What is Pyruvate dehydrogenase?
Pyruvate dehydrogenase is involved in the production of cellular energy in the mitochondria. It acts as a catalyst in the conversion of pyruvate into acetyl-CoA, which is used in the citric acid cycle (Kreb’s cycle) in cellular respiration and production of A/TP.
Thus, it’s essential, and deficiencies of pyruvate dehydrogenase can be devastating. Genetics Home Reference describes it: “Pyruvate dehydrogenase deficiency is characterized by the buildup of a chemical called lactic acid in the body and a variety of neurological problems. Signs and symptoms of this condition usually first appear shortly after birth, and they can vary widely among affected individuals. The most common feature is a potentially life-threatening buildup of lactic acid (lactic acidosis), which can cause nausea, vomiting, severe breathing problems, and an abnormal heartbeat. People with pyruvate dehydrogenase deficiency usually have neurological problems as well. …. Because of the severe health effects, many individuals with pyruvate dehydrogenase deficiency do not survive past childhood, although some may live into adolescence or adulthood” [read more]
Link to CFS/ME:
A December 2016 report looking at the metabolites in Chronic Fatigue Syndrome patients found indicators showing impairment of pyruvate dehydrogenase. It concludes: “These findings are in agreement with the clinical disease presentation of ME/CFS, with inadequate ATP generation by oxidative phosphorylation and excessive lactate generation upon exertion.”
Rare mutations linked to pyruvate dehydrogenase deficiency:
PDHA1 Gene (mainly 23andMe v4)
The PDHA1 gene codes for a protein (E1 alpha) that combines with another to form pyruvate dehydrogenase. This enzyme converts pyruvate into acetyl-CoA, the first step in the Kreb’s cycle. The gene is located on the X chromosome, so males will only see one allele when they look at their DNA data. Females will see results for two alleles, but one may be inactive due to X chromosome inactivation. The mutations listed below are fairly rare; 23andme does not cover all of the mutations for pyruvate dehydrogenase deficiency.
A word of caution here: 23andMe does not guarantee clinical accuracy, so it is possible that any mutation could be a false positive.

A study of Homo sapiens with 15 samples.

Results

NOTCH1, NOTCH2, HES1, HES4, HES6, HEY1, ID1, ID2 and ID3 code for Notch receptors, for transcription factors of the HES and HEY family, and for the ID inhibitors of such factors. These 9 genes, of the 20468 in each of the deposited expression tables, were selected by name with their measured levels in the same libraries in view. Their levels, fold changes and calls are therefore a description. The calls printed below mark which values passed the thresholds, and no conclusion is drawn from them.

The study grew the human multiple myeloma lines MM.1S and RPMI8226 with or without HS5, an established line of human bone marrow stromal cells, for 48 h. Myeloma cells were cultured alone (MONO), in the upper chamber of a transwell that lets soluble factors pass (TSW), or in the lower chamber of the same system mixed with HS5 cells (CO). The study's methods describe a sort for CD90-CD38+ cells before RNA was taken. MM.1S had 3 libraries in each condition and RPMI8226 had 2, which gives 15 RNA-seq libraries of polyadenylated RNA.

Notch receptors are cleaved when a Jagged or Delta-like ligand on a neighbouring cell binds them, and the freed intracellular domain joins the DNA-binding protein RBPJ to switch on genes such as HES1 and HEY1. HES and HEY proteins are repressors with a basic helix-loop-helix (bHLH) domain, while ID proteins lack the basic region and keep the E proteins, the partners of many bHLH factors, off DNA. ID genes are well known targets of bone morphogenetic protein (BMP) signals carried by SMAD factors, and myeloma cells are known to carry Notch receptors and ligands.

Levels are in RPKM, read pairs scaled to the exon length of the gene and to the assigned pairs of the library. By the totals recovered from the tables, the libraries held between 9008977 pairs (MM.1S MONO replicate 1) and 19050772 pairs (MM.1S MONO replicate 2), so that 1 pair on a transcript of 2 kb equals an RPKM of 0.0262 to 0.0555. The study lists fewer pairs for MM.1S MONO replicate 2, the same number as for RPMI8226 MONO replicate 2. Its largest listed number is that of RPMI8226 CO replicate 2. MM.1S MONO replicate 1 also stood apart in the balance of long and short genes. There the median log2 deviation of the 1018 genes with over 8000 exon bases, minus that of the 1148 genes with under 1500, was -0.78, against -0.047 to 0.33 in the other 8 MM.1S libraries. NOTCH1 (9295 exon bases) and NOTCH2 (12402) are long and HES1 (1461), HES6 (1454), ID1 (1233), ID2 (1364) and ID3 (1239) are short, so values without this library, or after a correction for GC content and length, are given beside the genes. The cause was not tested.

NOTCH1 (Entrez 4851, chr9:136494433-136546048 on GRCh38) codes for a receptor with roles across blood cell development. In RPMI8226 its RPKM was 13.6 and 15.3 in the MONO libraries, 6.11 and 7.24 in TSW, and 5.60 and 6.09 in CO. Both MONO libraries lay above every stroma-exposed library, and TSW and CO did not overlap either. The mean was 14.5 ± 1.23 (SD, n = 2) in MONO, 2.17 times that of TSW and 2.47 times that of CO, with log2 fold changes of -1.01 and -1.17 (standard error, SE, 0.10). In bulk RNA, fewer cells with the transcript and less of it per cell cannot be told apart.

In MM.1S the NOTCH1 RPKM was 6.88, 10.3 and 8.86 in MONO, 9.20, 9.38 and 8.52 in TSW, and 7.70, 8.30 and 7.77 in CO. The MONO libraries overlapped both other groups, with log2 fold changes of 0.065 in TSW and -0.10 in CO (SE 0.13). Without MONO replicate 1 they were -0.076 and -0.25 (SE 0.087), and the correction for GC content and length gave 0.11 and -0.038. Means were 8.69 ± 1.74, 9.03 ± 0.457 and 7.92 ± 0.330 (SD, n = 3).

- i5002955 (C is risk allele, rs137853257) pathogenic for Pyruvate Dehydrogenase E1-Alpha deficiency [ref]
- i5002957 (A is risk allele, rs137853255) pathogenic for Pyruvate Dehydrogenase E1-Alpha deficiency [ref]
- i5002960 (C is risk allele, rs137853253) pathogenic for Pyruvate Dehydrogenase E1-Alpha deficiency [ref]
- i5002953 (G is risk allele, rs137853259) pathogenic for Pyruvate Dehydrogenase E1-Alpha deficiency [ref]
- i5002956 (A is the risk allele, rs137853256) pathogenic for Pyruvate Dehydrogenase E1-Alpha deficiency [ref]
- i5002954 (A is the risk allele, rs137853258) pathogenic for Pyruvate Dehydrogenase E1-Alpha deficiency [ref]
- rs28933391 (A is the risk allele) pathogenic for Pyruvate Dehydrogenase E1-Beta deficiency
- rs28935769 (C is the risk allele) pathogenic for Pyruvate Dehydrogenase E1-Beta deficiency
Diet and Nutrients:
Thiamine and magnesium are cofactors of pyruvate dehydrogenase. Thus, getting enough thiamine (vitamin B1) as well as magnesium is important. [ref]
In a recent case study, supplemental thiamine along with dietary restrictions reversed muscle weakness in a boy with pyruvate dehydrogenase deficiency.
A mouse study found that a ketogenic diet may be helpful in the prenatal development of a pyruvate dehydrogenase deficient mouse.
An interesting study recently looked at the mitochondrial cannabinoid receptors and their role in skeletal muscle metabolism including the gene expression of PDHA1. The full study is available here for free.